WDI Fundamentals Unit 11
Here are some notes on what's been covered in this chapter. Feel free to copy this and extend it to make your own cheat sheet.
The browser pulls in HTML documents, parses them, and creates object models of the pages in its memory. This model is the Document Object Model (DOM).
When the model is updated, those changes are reflected on screen.
Before we can update a page, we need to find, or select, the element(s) that we want to update. In order to find an element, we need to search through the document. The syntax for the search looks something like this:
||Selects an individual element within a document using a specific id|
||Uses CSS selector to select the first matching element within a document|
||Allows you to select all elements with a given class attribute|
||Locates all elements that match a given tag name|
||Uses CSS selector to select one or more elements|
If we'd like to work with that element multiple times, a variable should be used to store, or cache, the results of our query.
var sidebar = document.getElementById('sidebar');
The process of selecting another element based on its relationship to a previously selected element.
||Locates the parent element of an initial selection|
||Finds the previous sibling of a selected element|
||Finds the next sibling of a selected element|
||Finds the first child of a selected element|
NodeList is a list of node objects numbered similarly to arrays.
To locate the fourth item in this nodeList:
textContent properties can be used to access or update content:
||Get or set the HTML content of an element.|
||Get or set the text content of an element.|
The syntax for getting content looks like this:
var firstListItem = document.querySelector('li').innerHTML; // Remember, `querySelector()` selects the first element that matches the provided selector.
The syntax for updating content looks like this:
document.querySelector('li').innerHTML = 'Email <a href="firstname.lastname@example.org">Mom</a>.';
To add new elements to the page, we'll need to use a three step process:
createElement()method to create a new element, which can then be added to the page. When this node is created, it will be empty. This element will be stored in a variable.
appendChild()method. This will add an element as the last child of the parent element.
To add a sixth item to our list we can execute the following code:
// First up, let's create a new list item and store it in a variable. var newListItem = document.createElement('li'); // Now let's update the text content of that list item. newListItem.textContent = 'Jalapenos'; // And finally, let's add that list item as a child of the ul. document.querySelector('ul').appendChild(newListItem);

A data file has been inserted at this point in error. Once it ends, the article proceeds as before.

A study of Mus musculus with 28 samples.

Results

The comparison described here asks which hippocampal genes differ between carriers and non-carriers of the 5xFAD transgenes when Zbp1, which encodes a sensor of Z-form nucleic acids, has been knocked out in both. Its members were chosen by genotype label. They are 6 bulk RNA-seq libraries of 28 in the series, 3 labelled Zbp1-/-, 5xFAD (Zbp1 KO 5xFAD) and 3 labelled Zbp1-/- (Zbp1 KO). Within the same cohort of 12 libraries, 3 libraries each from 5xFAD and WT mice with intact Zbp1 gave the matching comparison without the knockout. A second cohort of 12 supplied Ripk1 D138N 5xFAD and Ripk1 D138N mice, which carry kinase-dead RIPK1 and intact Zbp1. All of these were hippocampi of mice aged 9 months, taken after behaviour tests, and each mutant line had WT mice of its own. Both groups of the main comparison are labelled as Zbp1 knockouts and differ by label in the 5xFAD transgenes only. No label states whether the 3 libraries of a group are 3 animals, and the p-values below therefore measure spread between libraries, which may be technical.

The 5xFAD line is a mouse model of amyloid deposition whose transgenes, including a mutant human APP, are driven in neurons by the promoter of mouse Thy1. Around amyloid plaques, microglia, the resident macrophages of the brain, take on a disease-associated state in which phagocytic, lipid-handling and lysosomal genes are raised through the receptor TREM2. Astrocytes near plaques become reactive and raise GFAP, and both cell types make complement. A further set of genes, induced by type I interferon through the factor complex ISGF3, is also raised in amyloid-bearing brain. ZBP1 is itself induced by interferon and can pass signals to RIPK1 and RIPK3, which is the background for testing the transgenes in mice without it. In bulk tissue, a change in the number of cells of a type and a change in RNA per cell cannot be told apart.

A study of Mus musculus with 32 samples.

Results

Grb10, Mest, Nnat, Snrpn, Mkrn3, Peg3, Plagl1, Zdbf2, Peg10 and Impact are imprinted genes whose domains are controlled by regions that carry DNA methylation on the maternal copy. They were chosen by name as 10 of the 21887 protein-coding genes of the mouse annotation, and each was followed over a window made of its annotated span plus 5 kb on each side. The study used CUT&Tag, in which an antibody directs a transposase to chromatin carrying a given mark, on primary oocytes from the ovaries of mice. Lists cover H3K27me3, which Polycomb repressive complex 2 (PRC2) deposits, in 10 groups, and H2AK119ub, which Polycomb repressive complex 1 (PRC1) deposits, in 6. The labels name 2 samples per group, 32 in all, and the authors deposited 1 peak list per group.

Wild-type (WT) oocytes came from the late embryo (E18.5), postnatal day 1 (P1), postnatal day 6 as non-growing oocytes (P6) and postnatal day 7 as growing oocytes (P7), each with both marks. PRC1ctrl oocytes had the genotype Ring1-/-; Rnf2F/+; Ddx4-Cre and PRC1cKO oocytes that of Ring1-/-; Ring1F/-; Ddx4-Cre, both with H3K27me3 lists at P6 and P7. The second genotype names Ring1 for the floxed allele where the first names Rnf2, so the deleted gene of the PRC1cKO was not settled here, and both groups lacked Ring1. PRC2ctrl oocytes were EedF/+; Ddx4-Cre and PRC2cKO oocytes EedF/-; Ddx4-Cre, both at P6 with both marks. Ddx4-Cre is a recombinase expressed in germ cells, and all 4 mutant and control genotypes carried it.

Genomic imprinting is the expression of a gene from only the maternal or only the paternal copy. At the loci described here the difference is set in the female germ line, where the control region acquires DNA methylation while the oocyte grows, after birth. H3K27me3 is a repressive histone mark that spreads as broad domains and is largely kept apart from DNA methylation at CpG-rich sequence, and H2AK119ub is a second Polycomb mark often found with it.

||Change the value of the class attribute for an element|
document.getElementById('important').className = 'highlight';
||Sets an attribute of an element|
||Removes an attribute from an element|
document.getElementsByTagName('a').setAttribute('href', 'http://newurl.com'); document.getElementsByTagName('a').removeAttribute('id');
Actions taken by a user that can trigger updates in the DOM.
For example, when a user clicks on a website’s menu icon, a sidebar menu should slide out from the side of the page. Or, if the user has typed an incorrect format into a form field, the field should become outlined in red.
We can set up event handlers in our scripts that will listen, or wait, for an event to occur and then trigger a function.
The syntax for setting up an event handler looks like this:
There are many events that can trigger a function. Here are a few:
||When a button (usually a mouse button) is pressed and released on a single element.|
||When the user first presses a key on the keyboard.|
||When the user releases a key on the keyboard.|
||When an element has received focus.|
||When an element loses focus.|
||When the user submits a form.|
||When the page has finished loading.|
||When the browser window has been resized.|
||When the user scrolls up or down on the page.|
A term used in event handling functions to refer to the specific object with which the user interacted.